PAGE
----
Relationships Off the Rails
I grew up in a family where the railroad was a key part of my life. My father worked for the railroad and eventually became an executive in the company before he retired. One summer as a college student, I worked on the section gang of the railroad. The work was physical and challenging and if my father wasn’t involved, I’m certain I would have been fired after a week or two but I lasted the entire summer.
As a part of this team, we maintained a section of the rails. One time there was a train wreck and several of the cars jumped off the rails. There are many ways this happens but it stopped anything moving along these lines of the railroad.
Today I’m going to use these rails as an example of relationships and how it is important to keep your relationships “on the rails.” From my experience in publishing, this area is rarely discussed but an important part of the community and I hope calling it to your attention will help your publishing relationships.
While to the new writer or outsider, the publishing world seems huge with many people, the longer I’m in it, the more I see the community as small and interconnected.
When you complain or disagree, your actions have ramifications. Twice in recent weeks, I’ve watched two editors who have been in this business a long time. Each one has disagreed with someone inside the publishing company and acted as if they knew better than the newer publishing person they were speaking with. It’s likely they didn’t consciously intend to display this attitude. Their attitude came across loudly and clear to my colleagues and their simple response: I don’t need this conversation or input. In each case, this “I know better than you” attitude has reaped lasting ramifications. These editors have been eliminated from gaining additional work. Maybe these individuals don’t care but as I observed these actions, I saw several lessons for myself:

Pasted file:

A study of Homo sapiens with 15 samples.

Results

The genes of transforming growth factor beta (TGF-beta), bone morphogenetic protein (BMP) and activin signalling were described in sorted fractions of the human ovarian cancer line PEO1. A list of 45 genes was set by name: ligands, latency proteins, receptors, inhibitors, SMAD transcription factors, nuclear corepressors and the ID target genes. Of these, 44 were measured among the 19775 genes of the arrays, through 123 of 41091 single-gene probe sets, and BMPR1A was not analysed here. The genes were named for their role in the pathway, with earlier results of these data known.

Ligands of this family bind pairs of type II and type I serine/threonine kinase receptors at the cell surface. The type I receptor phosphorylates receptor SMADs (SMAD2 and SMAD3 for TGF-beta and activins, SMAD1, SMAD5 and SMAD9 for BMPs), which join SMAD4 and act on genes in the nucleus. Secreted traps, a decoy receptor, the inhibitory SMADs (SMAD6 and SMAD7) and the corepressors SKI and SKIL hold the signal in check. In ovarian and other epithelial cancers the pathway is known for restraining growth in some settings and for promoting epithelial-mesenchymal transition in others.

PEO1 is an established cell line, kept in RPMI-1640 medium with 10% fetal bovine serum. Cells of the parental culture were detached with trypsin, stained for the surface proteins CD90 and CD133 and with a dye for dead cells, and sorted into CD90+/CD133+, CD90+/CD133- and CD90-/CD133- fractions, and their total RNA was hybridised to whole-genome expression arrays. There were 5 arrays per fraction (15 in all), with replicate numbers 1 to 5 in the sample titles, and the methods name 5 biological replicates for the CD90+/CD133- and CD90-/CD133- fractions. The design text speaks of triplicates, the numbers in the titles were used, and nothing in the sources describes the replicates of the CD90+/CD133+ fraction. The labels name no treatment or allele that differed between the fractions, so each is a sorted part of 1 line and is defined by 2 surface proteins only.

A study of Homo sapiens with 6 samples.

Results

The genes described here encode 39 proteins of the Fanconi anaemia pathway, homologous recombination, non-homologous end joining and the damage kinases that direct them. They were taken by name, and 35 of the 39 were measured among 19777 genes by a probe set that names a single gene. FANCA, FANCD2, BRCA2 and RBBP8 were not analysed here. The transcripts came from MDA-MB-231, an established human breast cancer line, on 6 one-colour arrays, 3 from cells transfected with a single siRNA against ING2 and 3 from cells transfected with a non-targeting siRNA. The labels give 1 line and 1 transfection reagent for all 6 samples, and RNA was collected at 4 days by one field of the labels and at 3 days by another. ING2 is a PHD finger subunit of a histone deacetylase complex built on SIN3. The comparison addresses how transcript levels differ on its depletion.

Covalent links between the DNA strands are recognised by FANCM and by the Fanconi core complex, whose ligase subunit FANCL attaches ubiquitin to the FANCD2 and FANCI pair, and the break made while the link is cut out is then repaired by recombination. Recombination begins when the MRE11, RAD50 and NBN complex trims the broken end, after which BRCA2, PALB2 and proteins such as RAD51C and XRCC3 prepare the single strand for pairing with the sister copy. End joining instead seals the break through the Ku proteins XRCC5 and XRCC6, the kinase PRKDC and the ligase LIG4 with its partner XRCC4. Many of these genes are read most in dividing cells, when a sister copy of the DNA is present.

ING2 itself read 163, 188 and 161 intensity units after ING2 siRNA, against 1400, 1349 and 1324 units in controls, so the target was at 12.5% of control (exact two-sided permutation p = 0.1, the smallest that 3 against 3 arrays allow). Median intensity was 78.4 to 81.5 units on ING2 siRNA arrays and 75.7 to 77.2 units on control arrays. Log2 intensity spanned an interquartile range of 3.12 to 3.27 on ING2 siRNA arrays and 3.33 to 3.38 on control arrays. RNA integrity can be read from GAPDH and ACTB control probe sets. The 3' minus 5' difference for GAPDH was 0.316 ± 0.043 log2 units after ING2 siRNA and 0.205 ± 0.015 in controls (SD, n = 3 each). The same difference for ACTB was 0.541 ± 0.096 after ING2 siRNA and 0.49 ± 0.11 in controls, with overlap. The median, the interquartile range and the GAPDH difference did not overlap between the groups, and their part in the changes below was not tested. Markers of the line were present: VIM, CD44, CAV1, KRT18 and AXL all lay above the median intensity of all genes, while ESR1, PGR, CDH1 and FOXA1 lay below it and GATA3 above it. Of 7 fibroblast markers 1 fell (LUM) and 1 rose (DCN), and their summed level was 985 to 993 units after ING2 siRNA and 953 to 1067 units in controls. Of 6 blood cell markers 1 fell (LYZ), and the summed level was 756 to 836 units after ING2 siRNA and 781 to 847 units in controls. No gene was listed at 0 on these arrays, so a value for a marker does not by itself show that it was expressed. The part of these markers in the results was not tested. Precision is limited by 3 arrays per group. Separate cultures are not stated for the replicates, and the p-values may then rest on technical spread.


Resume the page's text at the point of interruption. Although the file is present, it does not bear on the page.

--never act superior or “too big for your britches.” Yes, you can play that card but be aware in the long run, it will likely come back and bite you.
--with every interaction, always look for ways to serve and help the other person. That attitude will go a long ways and mean a great deal to the other person.
--never take your success and experience for granted. Instead, realize you have to earn it day after day.
--always be curious and eager to learn
My cautionary tale about these two long-term friends and how they shoved their relationship off the rails, was not easy to write or retell. I did it as a fresh reminder for each of us to continually work at building and not tearing down your relationships. Have you had such experiences? Let me know in the comments below.